Gathering of AIDS specialists hears good news about drugs

Multiple medicines tested, but scientists struggle to outpace resistance


A "bumper crop" of new AIDS medicines being developed in laboratories or already in human trials is fueling hopes among researchers that a new era of treatment is dawning, seven years after powerful drug cocktails significantly improved the survival rate for patients.

Scientists attending the nation's premier gathering of AIDS specialists, in Boston, revealed details of at least 10 promising drugs that would substantially expand the arsenal of medicines available to thwart the virus.

With the development of these drugs, researchers can attack the AIDS virus at eight different points, making it harder for the resilient bug to build up a resistance to treatment.

"The pipeline of new drugs has an impressive number of candidates in it," said Dr. John Mellors, chief of infectious diseases at the University of Pittsburgh.

"This is something we haven't seen in many years. I would say this is a bumper crop."

In the pipeline

Mellors estimated that a half-dozen drugs in clinical trials can potentially help patients who are no longer helped by existing AIDS pills. That compares with just one or two new drugs in clinical trials a few years ago.

Similarly, he and a panel of researchers concurred that 10 to 12 more medicines are in early phases of study, four times as many as in recent years.

One measure of how far scientists have advanced: One AIDS medicine, T-20, is still awaiting Food and Drug Administration approval, but already researchers are developing a related drug to use if a patient's virus outsmarts the initial formulation.

But a leading Boston researcher who regularly guides clinical trials of AIDS drugs warned that while early results might warrant optimism, the path from research bench to patient is pocked with disappointment.

The drugs will take several years to win approval and even then they can produce side effects never anticipated by researchers, said Dr. Calvin Cohen, research director of Community Research Initiative of New England.

"It's wonderful to see the drug industry looking and to see some of these results," said Cohen, who is also research director for Harvard Vanguard Medical Associates.

"But it's also important not to rely on new drugs to get us out of this mess."

Discovering new drugs has acquired new urgency as patients whose lives have been prolonged find that their medicines no longer work.

Virus grows stronger

And drug resistance is increasingly common among patients newly diagnosed with the AIDS virus: A study last year found that one in eight of the newly infected carry a virus already beyond the reach of at least one drug.

Among the prospective medicines garnering the most attention at the 10th Conference on Retroviruses and Opportunistic Infections is one studied, in part, by scientists at Brigham and Women's Hospital as well as Beth Israel Deaconess Medical Center.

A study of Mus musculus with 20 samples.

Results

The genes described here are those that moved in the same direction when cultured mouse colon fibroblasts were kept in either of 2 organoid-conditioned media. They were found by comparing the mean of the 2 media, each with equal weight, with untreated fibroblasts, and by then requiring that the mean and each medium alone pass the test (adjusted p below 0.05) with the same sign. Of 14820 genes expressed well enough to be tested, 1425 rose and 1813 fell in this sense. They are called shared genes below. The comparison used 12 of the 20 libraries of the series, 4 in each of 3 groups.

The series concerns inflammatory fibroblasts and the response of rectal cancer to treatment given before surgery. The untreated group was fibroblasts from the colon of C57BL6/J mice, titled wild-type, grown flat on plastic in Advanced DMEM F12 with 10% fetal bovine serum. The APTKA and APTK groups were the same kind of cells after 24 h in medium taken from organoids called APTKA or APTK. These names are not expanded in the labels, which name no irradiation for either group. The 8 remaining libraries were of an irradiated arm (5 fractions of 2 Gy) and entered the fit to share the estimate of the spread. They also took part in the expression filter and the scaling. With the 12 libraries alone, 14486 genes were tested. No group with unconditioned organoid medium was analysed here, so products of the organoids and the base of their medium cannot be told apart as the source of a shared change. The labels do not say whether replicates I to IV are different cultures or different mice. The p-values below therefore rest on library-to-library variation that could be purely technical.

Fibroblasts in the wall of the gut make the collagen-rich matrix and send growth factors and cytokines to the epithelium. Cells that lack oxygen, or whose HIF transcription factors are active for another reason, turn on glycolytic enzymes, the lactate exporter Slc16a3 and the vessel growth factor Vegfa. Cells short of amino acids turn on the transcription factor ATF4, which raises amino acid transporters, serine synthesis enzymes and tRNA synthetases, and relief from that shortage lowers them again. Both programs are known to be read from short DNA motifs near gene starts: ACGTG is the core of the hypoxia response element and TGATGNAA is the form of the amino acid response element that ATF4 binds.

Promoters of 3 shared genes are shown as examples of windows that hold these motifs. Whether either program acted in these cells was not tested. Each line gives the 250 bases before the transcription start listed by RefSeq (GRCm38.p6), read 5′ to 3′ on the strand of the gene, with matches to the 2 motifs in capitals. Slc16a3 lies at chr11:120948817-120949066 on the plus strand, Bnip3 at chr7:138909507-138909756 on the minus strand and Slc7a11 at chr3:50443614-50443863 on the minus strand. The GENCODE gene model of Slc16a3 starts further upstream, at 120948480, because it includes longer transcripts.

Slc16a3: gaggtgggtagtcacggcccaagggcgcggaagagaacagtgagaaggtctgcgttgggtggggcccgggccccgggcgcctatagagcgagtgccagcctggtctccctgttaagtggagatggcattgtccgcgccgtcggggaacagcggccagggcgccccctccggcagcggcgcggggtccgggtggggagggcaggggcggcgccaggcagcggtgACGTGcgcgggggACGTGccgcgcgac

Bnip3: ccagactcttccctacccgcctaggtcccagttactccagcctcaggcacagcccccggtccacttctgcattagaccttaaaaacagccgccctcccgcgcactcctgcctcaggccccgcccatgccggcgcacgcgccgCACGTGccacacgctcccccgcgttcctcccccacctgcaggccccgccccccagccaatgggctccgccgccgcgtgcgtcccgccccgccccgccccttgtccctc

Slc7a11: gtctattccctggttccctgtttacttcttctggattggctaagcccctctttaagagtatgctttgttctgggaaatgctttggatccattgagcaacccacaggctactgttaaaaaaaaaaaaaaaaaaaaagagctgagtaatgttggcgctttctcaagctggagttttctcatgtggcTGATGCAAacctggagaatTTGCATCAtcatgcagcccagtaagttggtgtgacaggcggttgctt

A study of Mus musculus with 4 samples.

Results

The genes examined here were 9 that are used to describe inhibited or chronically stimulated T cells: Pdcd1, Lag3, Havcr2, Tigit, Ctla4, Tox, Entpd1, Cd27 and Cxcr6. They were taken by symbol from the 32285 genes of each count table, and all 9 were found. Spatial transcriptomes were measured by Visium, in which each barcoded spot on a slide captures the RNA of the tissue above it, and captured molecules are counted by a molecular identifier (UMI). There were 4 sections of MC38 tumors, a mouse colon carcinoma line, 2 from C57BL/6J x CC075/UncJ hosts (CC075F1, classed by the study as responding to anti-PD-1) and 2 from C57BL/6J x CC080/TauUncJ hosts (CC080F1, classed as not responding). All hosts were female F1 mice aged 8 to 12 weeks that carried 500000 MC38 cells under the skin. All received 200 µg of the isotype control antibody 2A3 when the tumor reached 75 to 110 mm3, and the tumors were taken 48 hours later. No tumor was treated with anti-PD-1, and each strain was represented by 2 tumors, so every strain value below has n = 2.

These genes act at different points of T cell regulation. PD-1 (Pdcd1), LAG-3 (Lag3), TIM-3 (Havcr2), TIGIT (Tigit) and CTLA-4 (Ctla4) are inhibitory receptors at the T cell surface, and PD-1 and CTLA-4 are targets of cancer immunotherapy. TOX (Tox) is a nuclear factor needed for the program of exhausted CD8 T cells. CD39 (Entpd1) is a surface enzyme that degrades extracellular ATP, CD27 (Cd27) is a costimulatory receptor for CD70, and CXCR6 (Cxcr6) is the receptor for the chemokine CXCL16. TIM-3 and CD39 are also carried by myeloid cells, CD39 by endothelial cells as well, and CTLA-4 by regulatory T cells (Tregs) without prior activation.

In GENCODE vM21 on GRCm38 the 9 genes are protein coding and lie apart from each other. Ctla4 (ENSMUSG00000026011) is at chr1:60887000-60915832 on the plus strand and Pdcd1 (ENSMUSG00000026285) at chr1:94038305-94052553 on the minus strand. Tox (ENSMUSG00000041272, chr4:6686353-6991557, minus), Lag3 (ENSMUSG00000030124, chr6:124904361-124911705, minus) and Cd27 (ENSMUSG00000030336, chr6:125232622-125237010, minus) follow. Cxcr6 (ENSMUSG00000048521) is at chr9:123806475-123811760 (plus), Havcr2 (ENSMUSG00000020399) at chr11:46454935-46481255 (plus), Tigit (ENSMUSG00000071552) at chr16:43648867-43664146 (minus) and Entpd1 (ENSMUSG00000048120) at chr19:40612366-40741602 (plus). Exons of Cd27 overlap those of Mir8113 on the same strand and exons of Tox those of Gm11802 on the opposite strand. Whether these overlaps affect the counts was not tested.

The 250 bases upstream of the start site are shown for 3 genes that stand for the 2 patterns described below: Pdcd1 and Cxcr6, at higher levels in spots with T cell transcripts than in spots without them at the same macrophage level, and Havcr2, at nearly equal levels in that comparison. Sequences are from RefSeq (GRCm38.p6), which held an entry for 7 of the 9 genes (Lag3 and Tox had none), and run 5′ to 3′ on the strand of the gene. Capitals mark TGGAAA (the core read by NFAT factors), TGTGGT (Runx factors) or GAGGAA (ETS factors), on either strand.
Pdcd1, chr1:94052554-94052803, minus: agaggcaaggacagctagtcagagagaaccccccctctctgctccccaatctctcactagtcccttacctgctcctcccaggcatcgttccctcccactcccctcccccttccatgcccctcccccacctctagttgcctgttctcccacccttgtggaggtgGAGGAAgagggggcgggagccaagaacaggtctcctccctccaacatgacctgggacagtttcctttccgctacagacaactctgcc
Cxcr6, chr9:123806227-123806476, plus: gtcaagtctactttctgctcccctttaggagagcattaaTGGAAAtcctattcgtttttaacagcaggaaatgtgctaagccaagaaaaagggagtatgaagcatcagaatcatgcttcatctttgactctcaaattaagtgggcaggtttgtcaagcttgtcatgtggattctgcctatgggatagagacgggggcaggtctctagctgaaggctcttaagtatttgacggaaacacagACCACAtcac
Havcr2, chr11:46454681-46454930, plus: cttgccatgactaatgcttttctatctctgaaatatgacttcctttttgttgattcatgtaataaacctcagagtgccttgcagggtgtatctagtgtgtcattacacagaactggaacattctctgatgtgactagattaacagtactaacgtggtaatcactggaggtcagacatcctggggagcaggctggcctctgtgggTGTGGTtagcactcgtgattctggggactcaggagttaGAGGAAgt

Dr. Daniel Kuritzkes of Brigham told scientists that while results are preliminary, his team is optimistic about the potential of a drug named TNX-355.

Early human trials of TNX-355 showed that HIV levels dropped by as much as 97 percent in some patients.

Making the drug especially appealing to researchers - and patients - is that it's given in a single IV dose, remaining potent for as long as two or three weeks.

"Remember when we had to take [drugs] every eight hours?" Mellors said. "We're entering the period of taking only a few pills a day."

The advances in drug development come even as AIDS specialists cautioned that the virus appears to be spreading in the United States with renewed vigor.

Increase in cases

In 2001, for the first time since 1993, federal disease trackers recorded an overall increase in AIDS cases. Though that rise was slight - just 1 percent - researchers recognize that the virus is striking certain communities with disproportionate fury.

One study documented a 14 percent increase in HIV diagnoses among men who had sex with men between 1999 and 2001.

"It's very important to keep reminding the American public that HIV/AIDS is still a serious problem in our own country," said Dr. Ronald O. Valdiserri, a top AIDS specialist at the federal Centers for Disease Control and Prevention.

Researchers in North Carolina report that up to one of every five people infected with HIV in the United States passes through a prison or jail every year.

But researchers do not believe those infections are acquired while incarcerated. Instead, inmates enter jail already infected.

It's their behavior upon release that alarms scientists. Nearly one-third of inmates interviewed by researchers said they thought it was likely they would infect a partner who did not have the virus.

"When people get out of prisons," said Dr. David Wohl, the University of North Carolina researcher who directed the study, "there's two things people want to do, and one of them is get a Big Mac."